He’d performed on stage at Rackham Auditorium the previous night, but on Monday afternoon Arnold Steinhardt sat quietly in the audience, this time at Huron High School, listening to the school’s symphony orchestra rehearse Saint-Saëns’ Symphony No. 3 in C minor, Opus 78.
“Sounds great!” he said when the last note fell silent – and then he asked to hear more.
For two hours, Steinhardt – lead violinist for the renowned Guarneri String Quartet – shared his insights, gave advice and even played a bit on a violin borrowed from one of the students. It was an up-close exchange that came about simply because one of his fans in the orchestra asked him to come.
That fan was Emily Hsiao, a Huron High senior, a violinist and co-president of the school’s symphony orchestra. She knew the quartet was coming to Ann Arbor as part of its final season of performances – after 45 years together, the group plans to retire. She’d read Steinhardt’s book, “Indivisible By Four: A String Quartet in Pursuit of Harmony.” And so she sent him an email in August which read, in part: “We would love it if the Guarneri String Quartet would consider the possibility of coming to Huron High School and teach us more about [chamber music] – even just watching the quartet work together would be an amazing experience altogether.”
To her surprise, he said yes.
Well, not completely: The other members of the quartet – John Dalley, Michael Tree, and Peter Wiley – couldn’t make it. But Steinhardt’s two hours amounted to a master class for the students, with lots of specific advice about the nuances of their performance. It’s advice they’re eager for, said Chris Mark, who teaches the orchestra and other music classes at Huron. They’re preparing for Orchestra Night at Hill Auditorium – “Oh, the Hill Auditorium,” Steinhardt quipped – an evening of performances by string programs at the district’s middle and high schools, held this year on Feb. 19.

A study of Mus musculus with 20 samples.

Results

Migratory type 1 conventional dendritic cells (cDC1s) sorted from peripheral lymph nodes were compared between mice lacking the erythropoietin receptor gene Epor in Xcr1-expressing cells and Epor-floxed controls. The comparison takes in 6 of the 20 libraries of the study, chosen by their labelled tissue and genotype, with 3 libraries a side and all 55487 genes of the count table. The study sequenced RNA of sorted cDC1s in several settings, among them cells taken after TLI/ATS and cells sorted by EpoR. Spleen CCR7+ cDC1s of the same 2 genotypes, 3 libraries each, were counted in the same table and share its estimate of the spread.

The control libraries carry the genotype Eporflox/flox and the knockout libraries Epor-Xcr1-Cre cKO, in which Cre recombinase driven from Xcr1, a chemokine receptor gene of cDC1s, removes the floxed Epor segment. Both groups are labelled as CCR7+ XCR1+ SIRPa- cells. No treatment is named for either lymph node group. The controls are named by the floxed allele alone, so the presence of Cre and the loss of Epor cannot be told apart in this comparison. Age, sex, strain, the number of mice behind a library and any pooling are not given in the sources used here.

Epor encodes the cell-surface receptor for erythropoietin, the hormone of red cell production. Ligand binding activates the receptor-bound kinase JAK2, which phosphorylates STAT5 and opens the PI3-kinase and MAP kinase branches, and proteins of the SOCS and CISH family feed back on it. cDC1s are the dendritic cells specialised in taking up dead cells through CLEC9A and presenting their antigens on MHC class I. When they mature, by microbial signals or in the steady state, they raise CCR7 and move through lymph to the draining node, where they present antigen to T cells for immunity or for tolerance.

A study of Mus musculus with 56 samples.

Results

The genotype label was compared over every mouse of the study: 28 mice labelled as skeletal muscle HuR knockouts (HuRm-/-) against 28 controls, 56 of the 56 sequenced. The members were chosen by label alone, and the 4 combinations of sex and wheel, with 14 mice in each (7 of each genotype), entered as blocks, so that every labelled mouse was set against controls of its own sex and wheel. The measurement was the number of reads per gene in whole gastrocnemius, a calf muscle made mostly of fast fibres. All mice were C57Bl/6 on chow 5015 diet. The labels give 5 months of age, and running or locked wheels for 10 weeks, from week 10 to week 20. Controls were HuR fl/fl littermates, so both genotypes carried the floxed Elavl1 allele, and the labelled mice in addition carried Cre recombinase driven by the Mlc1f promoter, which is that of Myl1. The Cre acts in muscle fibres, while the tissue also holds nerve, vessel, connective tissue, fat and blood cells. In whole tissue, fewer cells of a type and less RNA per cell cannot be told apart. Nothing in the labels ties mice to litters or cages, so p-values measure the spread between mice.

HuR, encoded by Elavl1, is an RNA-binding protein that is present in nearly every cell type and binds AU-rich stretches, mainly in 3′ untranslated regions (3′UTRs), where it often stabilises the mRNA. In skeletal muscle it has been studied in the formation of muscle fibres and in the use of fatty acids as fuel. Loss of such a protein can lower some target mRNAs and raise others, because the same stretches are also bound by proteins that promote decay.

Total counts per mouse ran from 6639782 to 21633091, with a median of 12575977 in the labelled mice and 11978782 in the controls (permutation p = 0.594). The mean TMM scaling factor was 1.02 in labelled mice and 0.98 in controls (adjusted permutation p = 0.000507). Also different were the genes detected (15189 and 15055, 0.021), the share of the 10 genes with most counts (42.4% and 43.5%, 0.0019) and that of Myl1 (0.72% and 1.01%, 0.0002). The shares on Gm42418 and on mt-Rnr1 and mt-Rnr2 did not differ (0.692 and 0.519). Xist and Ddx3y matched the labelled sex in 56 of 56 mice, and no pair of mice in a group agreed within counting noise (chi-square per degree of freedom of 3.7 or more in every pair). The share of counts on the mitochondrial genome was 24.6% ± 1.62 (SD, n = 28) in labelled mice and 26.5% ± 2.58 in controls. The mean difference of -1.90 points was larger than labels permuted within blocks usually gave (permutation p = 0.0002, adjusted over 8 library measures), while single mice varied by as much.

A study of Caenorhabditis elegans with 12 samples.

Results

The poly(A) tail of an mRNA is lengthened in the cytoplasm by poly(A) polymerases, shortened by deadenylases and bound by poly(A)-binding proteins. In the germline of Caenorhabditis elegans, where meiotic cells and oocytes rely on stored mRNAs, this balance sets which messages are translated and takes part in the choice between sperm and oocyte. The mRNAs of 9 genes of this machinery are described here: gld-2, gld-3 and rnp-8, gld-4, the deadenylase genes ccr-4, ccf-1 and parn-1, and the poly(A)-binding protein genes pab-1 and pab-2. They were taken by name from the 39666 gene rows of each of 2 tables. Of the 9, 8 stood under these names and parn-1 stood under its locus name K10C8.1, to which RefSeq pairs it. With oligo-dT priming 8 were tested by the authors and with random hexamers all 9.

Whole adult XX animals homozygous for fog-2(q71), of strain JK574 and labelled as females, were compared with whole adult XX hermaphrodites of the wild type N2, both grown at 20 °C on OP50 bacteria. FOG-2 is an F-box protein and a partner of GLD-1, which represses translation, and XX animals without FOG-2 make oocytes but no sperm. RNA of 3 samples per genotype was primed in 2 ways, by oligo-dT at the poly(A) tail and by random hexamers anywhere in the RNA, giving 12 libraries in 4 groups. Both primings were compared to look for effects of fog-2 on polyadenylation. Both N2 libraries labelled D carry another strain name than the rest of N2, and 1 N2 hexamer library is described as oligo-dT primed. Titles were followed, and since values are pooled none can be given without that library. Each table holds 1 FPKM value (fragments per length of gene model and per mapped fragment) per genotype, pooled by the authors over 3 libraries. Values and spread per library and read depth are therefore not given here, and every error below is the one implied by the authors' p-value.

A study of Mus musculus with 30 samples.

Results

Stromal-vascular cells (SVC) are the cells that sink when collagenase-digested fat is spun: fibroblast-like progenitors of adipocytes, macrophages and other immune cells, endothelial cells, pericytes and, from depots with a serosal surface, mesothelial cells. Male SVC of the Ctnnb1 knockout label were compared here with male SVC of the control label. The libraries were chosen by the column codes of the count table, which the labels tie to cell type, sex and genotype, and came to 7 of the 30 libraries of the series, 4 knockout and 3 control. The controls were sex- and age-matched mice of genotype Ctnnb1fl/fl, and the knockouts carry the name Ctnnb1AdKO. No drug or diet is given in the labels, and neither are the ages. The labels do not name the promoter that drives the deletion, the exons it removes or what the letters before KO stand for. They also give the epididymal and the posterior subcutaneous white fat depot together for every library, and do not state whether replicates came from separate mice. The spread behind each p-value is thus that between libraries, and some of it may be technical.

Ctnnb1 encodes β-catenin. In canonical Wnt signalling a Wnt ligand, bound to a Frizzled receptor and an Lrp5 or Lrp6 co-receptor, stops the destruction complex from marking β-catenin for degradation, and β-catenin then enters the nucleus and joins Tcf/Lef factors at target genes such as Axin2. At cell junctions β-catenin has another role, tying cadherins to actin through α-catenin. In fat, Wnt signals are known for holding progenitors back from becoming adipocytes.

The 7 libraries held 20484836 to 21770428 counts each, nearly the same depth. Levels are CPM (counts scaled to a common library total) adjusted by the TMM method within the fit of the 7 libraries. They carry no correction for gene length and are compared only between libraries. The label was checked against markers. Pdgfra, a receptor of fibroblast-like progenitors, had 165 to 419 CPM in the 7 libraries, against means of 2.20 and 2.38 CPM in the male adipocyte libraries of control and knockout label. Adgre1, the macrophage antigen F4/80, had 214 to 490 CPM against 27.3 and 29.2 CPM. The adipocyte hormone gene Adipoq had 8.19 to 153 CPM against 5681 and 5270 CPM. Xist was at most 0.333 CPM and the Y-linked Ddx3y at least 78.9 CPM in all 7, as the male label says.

So Steinhardt talked to the orchestra about the nuances of phrasing, of working in unison to create the kind of musical arcs that are far easier for individual performers to achieve alone. He spoke of dynamic range, an effort to balance the brass against the strings. He answered questions from the students, revealing that his favorite recordings by the quartet were Beethoven’s complete string quartets, and their recordings with the acclaimed pianist Arthur Rubenstein. “Whenever we play those pieces, I still hear the way he played them.”
During the second hour, Steinhardt heard a chamber ensemble play Mendelssohn’s Octet in Eb Major, Op. 20, a piece the Guarneri String Quartet has been playing this year as well, partnering with another quartet. Steinhardt praised the performers, but as the groups got smaller, he put them through their paces. To the chamber ensemble: “You started at one tempo and you finished at a completely different tempo!” His message: Have a basic tempo and stick with it – ”otherwise, it’s just all over the place.”
After brothers Dan and Phil Lee – on violin and cello – played the duet Pasacaglia by Handel/Halvorse, Steinhardt said, “It’s fun to play, isn’t it? Kind of scary, but fun.” (It also looked physically exhausting – Phil Lee shook out his cramped hands after finishing the performance.) Steinhardt asked Dan Lee to pay more attention to vibrato, saying it’s one of the greatest gifts that a string performer has. “I mean, the poor pianists! I feel so sorry for them because they can’t vibrate.”
He asked whether they could keep the strength of their playing while making it more like singing. “Try it, would you?” Steinhardt said. And after they did: “This way it’s not ‘Pow! Bang!’ It has more of a noble, grand feeling to it.”
The final performance was a violin solo by Kevin Hsiao, who played Partita in D minor for solo violin (Allemande), by J. S. Bach. (Kevin, a junior, is Emily Hsiao’s brother.) Afterward, Steinhardt commented that all music has a kind of dance impulse in it, and that you should feel the impulse as you play or listen to the piece. And then: “Can I have the violin?” – a sentence which evoked an audible gasp from those in the auditorium.
So those gathered on Monday afternoon, including students and a few current and former teachers, were treated to brief bit of Bach by a virtuoso – not a performance so much as a peek into the mechanics of a master.
As the bell rang for changing classes, Steinhardt too had to leave. Or tried to, as students lined up for photos and to get his signature on their favorite sheet music. He accommodated them graciously before heading out, getting a ride back to town by the Hsiao family. In the evening he was scheduled for a book-signing at Shaman Drum Bookshop to promote his more recent book, “Violin Dreams.”